My husband had vomit all over his blue t-shirt.
I tried to grab my too full black carry-on bag, but couldn’t. It was under the seat, stuck. When I tugged at it, it flew open, and my things went flying. There were now little bags of mini Chips Ahoy and Cheerios all over the aisle.
My four-year-old daughter had been screaming since we began our descent into the San Juan airport when she vomited all over her father.
I was holding my two-year-old daughter on my hip while she leaned her head against my shoulder. She was half asleep. I was sweating.
All I wanted was to get off this plane.
I looked around at the two other families with whom we were traveling. No vomit. Carry-ons neatly packed and carried effortlessly on shoulders. Kids were holding parents’ hands and walking quietly off the plane.
Why wasn’t that us? Why wasn’t I that mom, the one that breezed through the airport, not to mention the mommy world, effortlessly?
Why was I such a mess?
I tried so hard to be the mom that all my mommy friends appeared to be – perfect. But the harder I tried, the more disastrous it got.
My friends are all such amazing women. They can cook, bake, play sports, and entertain. They make juggling a million things look easy.
They are all beautiful. These are the moms that walk around in their gym clothes all day and look adorable.
They all have immaculate, perfect homes. There is never a drop of dust or a thing out of place.
They are all super involved. Committees, charities, PTA, fundraising – they can do it all.
Plus, they are fabulous mothers.
All of this seems done with very minimal effort. It appears just to flow.
Then there was me.
Do you remember that game, “Which one of these things doesn’t belong?”? I always felt like I was that thing. I was the one with the messy house and the even messier kids. I was never all put together.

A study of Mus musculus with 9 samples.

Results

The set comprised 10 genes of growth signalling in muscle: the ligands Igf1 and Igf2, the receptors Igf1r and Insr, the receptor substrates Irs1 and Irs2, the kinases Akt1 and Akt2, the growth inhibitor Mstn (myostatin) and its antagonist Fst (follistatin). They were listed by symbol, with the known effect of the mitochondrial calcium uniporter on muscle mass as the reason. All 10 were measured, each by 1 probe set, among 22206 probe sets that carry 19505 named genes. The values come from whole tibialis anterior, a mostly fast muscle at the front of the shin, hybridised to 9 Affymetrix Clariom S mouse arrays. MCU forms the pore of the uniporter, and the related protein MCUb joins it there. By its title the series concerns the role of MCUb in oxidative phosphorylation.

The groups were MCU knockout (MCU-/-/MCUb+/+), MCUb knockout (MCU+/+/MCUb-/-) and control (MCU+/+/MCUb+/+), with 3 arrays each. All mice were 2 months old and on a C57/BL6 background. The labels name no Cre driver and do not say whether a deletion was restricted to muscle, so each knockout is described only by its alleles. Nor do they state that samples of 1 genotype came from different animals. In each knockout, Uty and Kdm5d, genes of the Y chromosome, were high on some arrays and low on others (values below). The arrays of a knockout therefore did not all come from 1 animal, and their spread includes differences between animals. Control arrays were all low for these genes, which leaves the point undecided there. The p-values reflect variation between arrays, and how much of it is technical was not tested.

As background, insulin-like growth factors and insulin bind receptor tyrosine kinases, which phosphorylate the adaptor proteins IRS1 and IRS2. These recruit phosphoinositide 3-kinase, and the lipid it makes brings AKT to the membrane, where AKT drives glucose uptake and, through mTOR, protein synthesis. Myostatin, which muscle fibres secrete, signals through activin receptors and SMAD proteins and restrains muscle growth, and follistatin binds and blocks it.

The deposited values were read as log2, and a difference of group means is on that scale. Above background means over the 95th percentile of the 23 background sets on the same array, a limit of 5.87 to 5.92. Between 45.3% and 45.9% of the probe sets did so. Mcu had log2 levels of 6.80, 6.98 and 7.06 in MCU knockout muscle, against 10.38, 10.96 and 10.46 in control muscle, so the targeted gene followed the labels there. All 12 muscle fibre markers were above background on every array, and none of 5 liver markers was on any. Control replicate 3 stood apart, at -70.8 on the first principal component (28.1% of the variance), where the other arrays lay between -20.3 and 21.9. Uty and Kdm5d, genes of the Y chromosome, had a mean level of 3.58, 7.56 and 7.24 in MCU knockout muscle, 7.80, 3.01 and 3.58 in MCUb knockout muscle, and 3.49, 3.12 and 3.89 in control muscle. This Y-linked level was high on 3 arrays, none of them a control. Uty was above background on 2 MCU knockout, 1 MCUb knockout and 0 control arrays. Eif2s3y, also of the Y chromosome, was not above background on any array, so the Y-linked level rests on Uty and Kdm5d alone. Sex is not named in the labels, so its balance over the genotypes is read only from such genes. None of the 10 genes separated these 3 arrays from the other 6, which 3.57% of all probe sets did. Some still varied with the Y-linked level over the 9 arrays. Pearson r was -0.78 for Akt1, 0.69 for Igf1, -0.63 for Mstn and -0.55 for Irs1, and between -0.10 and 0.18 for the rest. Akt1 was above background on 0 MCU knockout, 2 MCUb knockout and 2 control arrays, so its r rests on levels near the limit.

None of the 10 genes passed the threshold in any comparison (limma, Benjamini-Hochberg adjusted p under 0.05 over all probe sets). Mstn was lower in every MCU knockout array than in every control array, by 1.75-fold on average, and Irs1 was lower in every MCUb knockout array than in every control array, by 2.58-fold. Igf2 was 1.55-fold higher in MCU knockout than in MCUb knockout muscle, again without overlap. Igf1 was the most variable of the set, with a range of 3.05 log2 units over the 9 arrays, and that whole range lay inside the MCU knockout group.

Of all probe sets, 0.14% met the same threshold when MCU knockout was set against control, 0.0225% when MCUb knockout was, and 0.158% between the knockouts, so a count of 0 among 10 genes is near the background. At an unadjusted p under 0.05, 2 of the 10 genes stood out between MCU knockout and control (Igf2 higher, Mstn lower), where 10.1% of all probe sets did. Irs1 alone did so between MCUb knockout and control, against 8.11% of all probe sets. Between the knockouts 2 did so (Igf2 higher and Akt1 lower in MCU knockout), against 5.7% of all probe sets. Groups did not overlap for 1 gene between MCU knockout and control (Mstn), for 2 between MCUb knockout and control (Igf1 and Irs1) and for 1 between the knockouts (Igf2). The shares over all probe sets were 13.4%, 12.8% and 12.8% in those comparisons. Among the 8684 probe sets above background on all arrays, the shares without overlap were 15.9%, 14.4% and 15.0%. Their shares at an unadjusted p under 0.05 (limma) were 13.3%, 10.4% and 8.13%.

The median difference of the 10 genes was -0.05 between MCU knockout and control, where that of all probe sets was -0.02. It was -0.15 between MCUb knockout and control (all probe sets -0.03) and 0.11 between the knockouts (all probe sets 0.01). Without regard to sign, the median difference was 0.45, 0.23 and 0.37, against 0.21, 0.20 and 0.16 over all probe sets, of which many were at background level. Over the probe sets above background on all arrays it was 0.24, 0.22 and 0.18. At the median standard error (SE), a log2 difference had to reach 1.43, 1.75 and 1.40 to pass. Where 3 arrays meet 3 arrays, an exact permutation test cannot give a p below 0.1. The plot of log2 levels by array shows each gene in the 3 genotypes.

When I walked around in my gym clothes, I looked like I had just been at the gym. I was always losing things – my keys, my phone. I would then run around trying to find them, which made me late for everything.
I tried. I wanted to be the one that did things effortlessly, the one that breezes through the day without a hair out of place. For me, it was impossible. The more I tried, the more it didn’t work.
A few years ago, I suddenly found myself a single mom. I no longer had the time even to attempt perfection anymore. Raising my two daughters alone, plus going back to work, kept me so busy I could no longer worry about things like entertaining and fundraising.
I had no choice but to stop trying to be something that I’m not, which was a blessing in disguise. I let go and started to appreciate my unique traits. I am a great mom, whether I can bake a perfect cake or not. My daughters love me, and they are turning into fabulous people. At the end of the day, that is what matters to me.
Once I came to this realization, I relaxed and became myself. Myself is a little different than all my friends. I am not that Type A, perfectly put-together woman. That’s okay.
I remember being the woman I was on the airplane. I was spilling things and sweating because I wanted to be perfect in an imperfect situation. I was trying too hard.
I am finding my way. I now accept the quirkiness that is me. My friends love me for who I am. If I am late, then I am late. I find things that I like to do, and I do them. I have stopped trying to be something that I’m not, and I am just myself.
I have learned to embrace the person that I am. Accepting myself has made me happy. Not perfect, but happy. I have also realized that no one is “perfect,” not even those who appear to be.
Now that I live my life with ease, I cannot help but wonder, “Do any of my friends now wish to be more like me?”
About the Author
Stacy Feintuch became a single mom to her two young daughters after the unexpected death of her husband in 2011. Proud to admit that her girls, now teenagers, are her world, Stacy also makes time to blog at www.thewidowwearspink.com and enjoy her new favorite pastime, yoga. She has been published on Scary Mommy and Her View From Home. You can also find her on Facebook and on Twitter at @stacyfeintuch.